Hekia Parata on citizenship

Because education is likely to undergo more changes in the next term – and some truly awful ones were made in the last term – I was interested to read about the new Minister of Education, Hekia Parata. Hopefully Parata will be more clued up about education than the last one!

Anyway, this paragraph caught my eye in the Sunday Star Times:

Hekia “Parata said what it meant to be a New Zealander – what she calls the ‘gift of citizenship’ – had been on her mind ever since she’d done a stint overseas with the Foreign Affairs Ministry in her mid-20s. ‘It seems to me [it] deserves that we do our very best by and for our country.’ …Parata said they wanted the girls [her two teenage daughters] to grow up speaking Maori as their first language and have a strong connection with their extended family. Now aged 15 and 18, the girls have experienced the vagaries of New Zealand’s education system.” (C12)

Citizenship, as a concept, informs each of our national curricula, so her stance on it may prove influential…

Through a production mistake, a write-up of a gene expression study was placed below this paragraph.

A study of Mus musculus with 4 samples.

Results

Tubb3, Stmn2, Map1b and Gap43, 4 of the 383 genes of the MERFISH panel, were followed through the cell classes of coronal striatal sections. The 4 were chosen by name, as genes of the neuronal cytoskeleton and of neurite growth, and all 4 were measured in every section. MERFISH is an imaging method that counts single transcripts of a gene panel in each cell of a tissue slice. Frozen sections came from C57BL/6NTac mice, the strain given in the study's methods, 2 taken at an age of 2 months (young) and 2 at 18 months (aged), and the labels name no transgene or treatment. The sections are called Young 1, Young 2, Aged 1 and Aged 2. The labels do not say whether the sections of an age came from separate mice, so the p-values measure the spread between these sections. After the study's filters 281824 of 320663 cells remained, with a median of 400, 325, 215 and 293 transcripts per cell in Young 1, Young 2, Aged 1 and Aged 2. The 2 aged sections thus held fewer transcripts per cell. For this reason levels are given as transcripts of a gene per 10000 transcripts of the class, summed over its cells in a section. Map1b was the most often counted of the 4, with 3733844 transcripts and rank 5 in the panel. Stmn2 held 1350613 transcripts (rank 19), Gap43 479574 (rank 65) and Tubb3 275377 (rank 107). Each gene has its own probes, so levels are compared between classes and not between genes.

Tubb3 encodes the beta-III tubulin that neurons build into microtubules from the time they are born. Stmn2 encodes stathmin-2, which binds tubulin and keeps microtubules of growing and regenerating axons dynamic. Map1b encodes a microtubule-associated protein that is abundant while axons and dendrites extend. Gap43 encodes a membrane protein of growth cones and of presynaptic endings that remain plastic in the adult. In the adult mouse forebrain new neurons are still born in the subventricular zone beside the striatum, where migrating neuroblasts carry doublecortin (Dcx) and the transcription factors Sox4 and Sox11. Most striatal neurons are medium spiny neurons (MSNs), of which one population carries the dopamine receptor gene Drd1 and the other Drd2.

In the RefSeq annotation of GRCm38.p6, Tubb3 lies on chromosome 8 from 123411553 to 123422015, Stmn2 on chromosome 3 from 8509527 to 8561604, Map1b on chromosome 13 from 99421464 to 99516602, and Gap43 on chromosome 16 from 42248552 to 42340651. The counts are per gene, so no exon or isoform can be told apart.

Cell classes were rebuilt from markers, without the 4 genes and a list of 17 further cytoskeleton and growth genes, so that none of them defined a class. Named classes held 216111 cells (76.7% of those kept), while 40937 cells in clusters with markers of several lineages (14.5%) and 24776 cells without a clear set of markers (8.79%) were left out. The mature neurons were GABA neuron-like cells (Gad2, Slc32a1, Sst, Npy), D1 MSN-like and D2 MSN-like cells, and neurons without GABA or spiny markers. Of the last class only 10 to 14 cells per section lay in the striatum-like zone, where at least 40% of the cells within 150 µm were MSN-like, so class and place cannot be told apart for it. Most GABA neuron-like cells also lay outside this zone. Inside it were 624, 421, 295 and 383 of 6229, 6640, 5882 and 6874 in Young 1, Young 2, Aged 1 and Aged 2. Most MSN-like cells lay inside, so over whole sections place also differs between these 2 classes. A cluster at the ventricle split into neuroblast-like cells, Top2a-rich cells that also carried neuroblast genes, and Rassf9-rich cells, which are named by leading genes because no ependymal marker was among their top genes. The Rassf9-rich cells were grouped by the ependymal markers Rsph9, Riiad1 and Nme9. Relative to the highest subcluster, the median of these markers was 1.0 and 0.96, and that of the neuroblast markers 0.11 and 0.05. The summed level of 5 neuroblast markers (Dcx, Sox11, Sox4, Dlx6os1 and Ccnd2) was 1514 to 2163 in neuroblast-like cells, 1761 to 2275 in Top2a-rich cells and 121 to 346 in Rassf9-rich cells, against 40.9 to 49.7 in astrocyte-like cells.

Interestingly, for all the article focuses on her Ruatoria upbringing and her Maori connections, you have to read between the lines in the second column to pull out Parata’s iwi affiliations and it’s never clearly stipulated… I think that’s a bit wierd. Hopefully, though, her background with Kohanga Reo and a father in education, etc. means we can expect serious attention from her.

Ref: Imogen Neale (2012) ‘Education, education, education’ Sunday Star Times, Feb 26 [Focus section], p. C12

NOTE also: http://www.minedu.govt.nz/theMinistry/AboutUs/OurMinisters.aspx



(And BTW… according to ‘Meet the Minister’ pp10-12 Swings + Roundabouts Autumn 2012, Hekia Parata affiliates with Ngati Porou, Ngai Tahu, and English, Irish, and Scottish descent…)


About backyardbooks

This blog is a kind of electronic storage locker for ideas and quotes that inform my research... literary research into fiction for young adults (with a special focus on New Zealand fiction). Kiwis are producing amazing literature for younger readers, but it isn't getting the academic appreciation it deserves. I hope readers of this blog can make use of the material I gather and share by way of promoting our fiction. Cheers!